Microbial diversity and biogeochemistry of the Guaymas Basin deep-sea hydrothermal plume

Authors

  • Gregory J. Dick,

    1. Marine Biology Research Division and
    2. Center for Marine Biotechnology and Biomedicine, Scripps Institution of Oceanography, University of California San Diego, 9500 Gilman Drive, La Jolla, CA 92093-0202, USA.

  • Bradley M. Tebo

    Corresponding author
    1. Marine Biology Research Division and
    2. Center for Marine Biotechnology and Biomedicine, Scripps Institution of Oceanography, University of California San Diego, 9500 Gilman Drive, La Jolla, CA 92093-0202, USA.
      E-mail tebo@ebs.ogi.edu; Tel. (+1) 503 748 1992; Fax (+1) 503 748 1464.


E-mail tebo@ebs.ogi.edu; Tel. (+1) 503 748 1992; Fax (+1) 503 748 1464.

Summary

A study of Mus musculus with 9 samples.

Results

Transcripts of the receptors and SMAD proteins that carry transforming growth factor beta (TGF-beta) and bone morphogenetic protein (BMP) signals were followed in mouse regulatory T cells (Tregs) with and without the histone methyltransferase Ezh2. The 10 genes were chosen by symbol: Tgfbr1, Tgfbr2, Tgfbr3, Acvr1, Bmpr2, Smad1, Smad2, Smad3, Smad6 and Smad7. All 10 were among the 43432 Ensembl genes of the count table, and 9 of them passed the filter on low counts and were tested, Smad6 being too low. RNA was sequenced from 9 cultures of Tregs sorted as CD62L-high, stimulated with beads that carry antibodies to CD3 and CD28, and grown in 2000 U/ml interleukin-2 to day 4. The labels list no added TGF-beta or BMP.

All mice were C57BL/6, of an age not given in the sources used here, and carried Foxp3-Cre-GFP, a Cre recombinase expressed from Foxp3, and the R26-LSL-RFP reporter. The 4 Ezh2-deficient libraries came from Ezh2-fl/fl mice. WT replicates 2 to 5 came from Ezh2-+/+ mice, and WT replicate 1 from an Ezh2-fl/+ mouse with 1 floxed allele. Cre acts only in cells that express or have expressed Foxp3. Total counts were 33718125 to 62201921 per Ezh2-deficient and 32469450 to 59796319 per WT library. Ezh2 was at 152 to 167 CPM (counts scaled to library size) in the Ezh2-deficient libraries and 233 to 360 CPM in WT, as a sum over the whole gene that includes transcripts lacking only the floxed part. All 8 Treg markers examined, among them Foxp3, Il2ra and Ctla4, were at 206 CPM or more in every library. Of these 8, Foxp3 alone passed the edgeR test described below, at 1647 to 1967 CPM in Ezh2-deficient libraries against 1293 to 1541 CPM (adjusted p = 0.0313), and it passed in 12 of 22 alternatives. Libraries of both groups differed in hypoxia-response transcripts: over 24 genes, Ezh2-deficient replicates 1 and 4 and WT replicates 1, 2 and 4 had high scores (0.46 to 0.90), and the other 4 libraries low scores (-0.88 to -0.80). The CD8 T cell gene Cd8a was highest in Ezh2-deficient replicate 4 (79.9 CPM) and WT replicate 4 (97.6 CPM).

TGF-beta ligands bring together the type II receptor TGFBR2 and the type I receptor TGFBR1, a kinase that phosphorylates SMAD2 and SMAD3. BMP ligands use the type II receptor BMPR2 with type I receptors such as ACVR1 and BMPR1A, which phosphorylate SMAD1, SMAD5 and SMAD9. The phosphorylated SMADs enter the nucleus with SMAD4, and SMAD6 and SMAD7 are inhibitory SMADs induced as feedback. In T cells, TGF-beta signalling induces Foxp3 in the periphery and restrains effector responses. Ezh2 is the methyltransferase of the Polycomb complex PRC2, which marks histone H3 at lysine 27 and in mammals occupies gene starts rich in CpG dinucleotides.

Hydrothermal plumes are hot spots of microbial biogeochemistry in the deep ocean, yet little is known about the diversity or ecology of microorganisms inhabiting plumes. Recent biogeochemical evidence shows that Mn(II) oxidation in the Guaymas Basin (GB) hydrothermal plume is microbially mediated and suggests that the plume microbial community is distinct from deep-sea communities. Here we use a molecular approach to compare microbial diversity in the GB plume and in background deep seawater communities, and cultivation to identify Mn(II)-oxidizing bacteria from plumes and sediments. Despite dramatic differences in Mn(II) oxidation rates between plumes and background seawater, microbial diversity and membership were remarkably similar. All bacterial clone libraries were dominated by Gammaproteobacteria and archaeal clone libraries were dominated by Crenarchaeota. Two lineages, both phylogenetically related to methanotrophs and/or methylotrophs, were consistently over-represented in the plume. Eight Mn(II)-oxidizing bacteria were isolated, but none of these or previously identified Mn(II) oxidizers were abundant in clone libraries. Taken together with Mn(II) oxidation rates measured in laboratory cultures and in the field, these results suggest that Mn(II) oxidation in the GB hydrothermal plume is mediated by genome-level dynamics (gene content and/or expression) of microorganisms that are indigenous and abundant in the deep sea but have yet to be unidentified as Mn(II) oxidizers.